Rep. Boccieri Calls For Replenishing Empty State Lead Poisoning Prevention Fund
Says water contamination crisis warrants tapping into rainy day fund
February 16, 2016
 
[ John A. Boccieri Home | John A. Boccieri Press ]
 
 

State Rep. John Boccieri (D-Poland) today called for renewed funding for the Lead Poisoning Prevention Fund, a reserve created in 2003 to support efforts to shutter or renovate lead-contaminated homes and enhance lead screenings of at-risk children. The Plain Dealer recently reported that the state fund has sat empty since the day it was established. 


“This fund could be a critical part of the long-term fix for our current water contamination problems,” said Boccieri. “We are rightfully focused on executing the short-term fix of helping residents get access to clean water and screening tests, but we still desperately need proactive initiatives to make sure that we’re protecting our communities into the future.”


Ohio’s $3.8 million overall budget for lead contamination programs is primarily supported through federal grants. According to the Plain Dealer report, the Lead Poisoning Prevention Fund’s weak initial source of revenue paired with subsequent failed efforts to direct additional money to the reserve has kept it unfunded since inception. In light of the Sebring water contamination crisis, Rep. Boccieri has suggested tapping into the lush Rainy Day Fund to revive revenue for lead poisoning prevention.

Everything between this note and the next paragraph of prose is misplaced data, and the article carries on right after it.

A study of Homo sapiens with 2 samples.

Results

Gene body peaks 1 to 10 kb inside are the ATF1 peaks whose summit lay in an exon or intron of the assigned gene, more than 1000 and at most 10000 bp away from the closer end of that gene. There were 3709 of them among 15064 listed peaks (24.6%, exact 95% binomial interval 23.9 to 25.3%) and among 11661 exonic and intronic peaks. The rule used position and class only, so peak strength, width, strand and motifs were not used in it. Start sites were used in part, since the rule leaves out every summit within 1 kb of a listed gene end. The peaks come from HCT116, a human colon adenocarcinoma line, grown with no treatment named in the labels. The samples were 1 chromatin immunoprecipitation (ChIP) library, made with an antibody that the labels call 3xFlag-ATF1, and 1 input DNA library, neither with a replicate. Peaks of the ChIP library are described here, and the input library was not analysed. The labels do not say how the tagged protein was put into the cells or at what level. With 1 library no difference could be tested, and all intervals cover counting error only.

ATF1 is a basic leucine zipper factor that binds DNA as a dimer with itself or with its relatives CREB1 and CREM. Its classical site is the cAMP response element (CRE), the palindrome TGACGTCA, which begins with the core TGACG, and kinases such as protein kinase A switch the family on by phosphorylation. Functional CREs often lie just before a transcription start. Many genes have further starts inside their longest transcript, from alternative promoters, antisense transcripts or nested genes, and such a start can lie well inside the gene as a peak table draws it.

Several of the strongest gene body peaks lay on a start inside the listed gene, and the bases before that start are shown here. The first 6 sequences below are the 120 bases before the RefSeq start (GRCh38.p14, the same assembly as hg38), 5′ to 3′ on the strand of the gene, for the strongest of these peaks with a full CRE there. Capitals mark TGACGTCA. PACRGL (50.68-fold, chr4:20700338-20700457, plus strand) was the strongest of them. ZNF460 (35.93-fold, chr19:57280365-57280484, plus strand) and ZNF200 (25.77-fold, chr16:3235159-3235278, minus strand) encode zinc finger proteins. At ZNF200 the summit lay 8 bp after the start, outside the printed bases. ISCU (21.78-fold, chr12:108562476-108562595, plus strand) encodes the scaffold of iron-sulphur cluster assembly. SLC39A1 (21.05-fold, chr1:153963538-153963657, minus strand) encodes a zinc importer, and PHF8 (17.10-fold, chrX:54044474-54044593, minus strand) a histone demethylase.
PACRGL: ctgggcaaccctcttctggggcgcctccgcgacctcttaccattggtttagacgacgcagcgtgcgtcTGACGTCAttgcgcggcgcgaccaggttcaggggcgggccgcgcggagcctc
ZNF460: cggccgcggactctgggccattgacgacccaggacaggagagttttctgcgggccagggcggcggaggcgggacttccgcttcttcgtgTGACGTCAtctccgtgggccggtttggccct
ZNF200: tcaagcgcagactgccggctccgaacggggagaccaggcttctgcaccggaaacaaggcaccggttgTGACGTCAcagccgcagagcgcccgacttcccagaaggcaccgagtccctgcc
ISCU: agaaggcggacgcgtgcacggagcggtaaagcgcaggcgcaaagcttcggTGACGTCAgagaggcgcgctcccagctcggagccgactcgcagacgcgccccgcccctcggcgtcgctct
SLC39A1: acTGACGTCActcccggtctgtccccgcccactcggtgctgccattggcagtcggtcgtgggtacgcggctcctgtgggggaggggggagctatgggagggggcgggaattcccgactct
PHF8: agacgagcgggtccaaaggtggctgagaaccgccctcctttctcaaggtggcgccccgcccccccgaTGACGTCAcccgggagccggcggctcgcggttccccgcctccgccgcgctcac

“We're sitting on over two billion dollars in the rainy day fund – even the interest alone recovered from the rainy day account could likely help fund lead poisoning prevention and recovery,” said Boccieri. “The Sebring water crisis and the risk of widespread water contamination in other parts of the state certainly justifies using revenue from this funding source, rather than just letting it sit.”


Earlier this month, Rep. Boccieri announced plans for legislation to tighten state standards for lead contamination testing and public notification procedures. The proposed bill would require the Ohio Environmental Protection Agency and local boards of health to notify residents of lead contamination within 30 days of an abnormal water test result.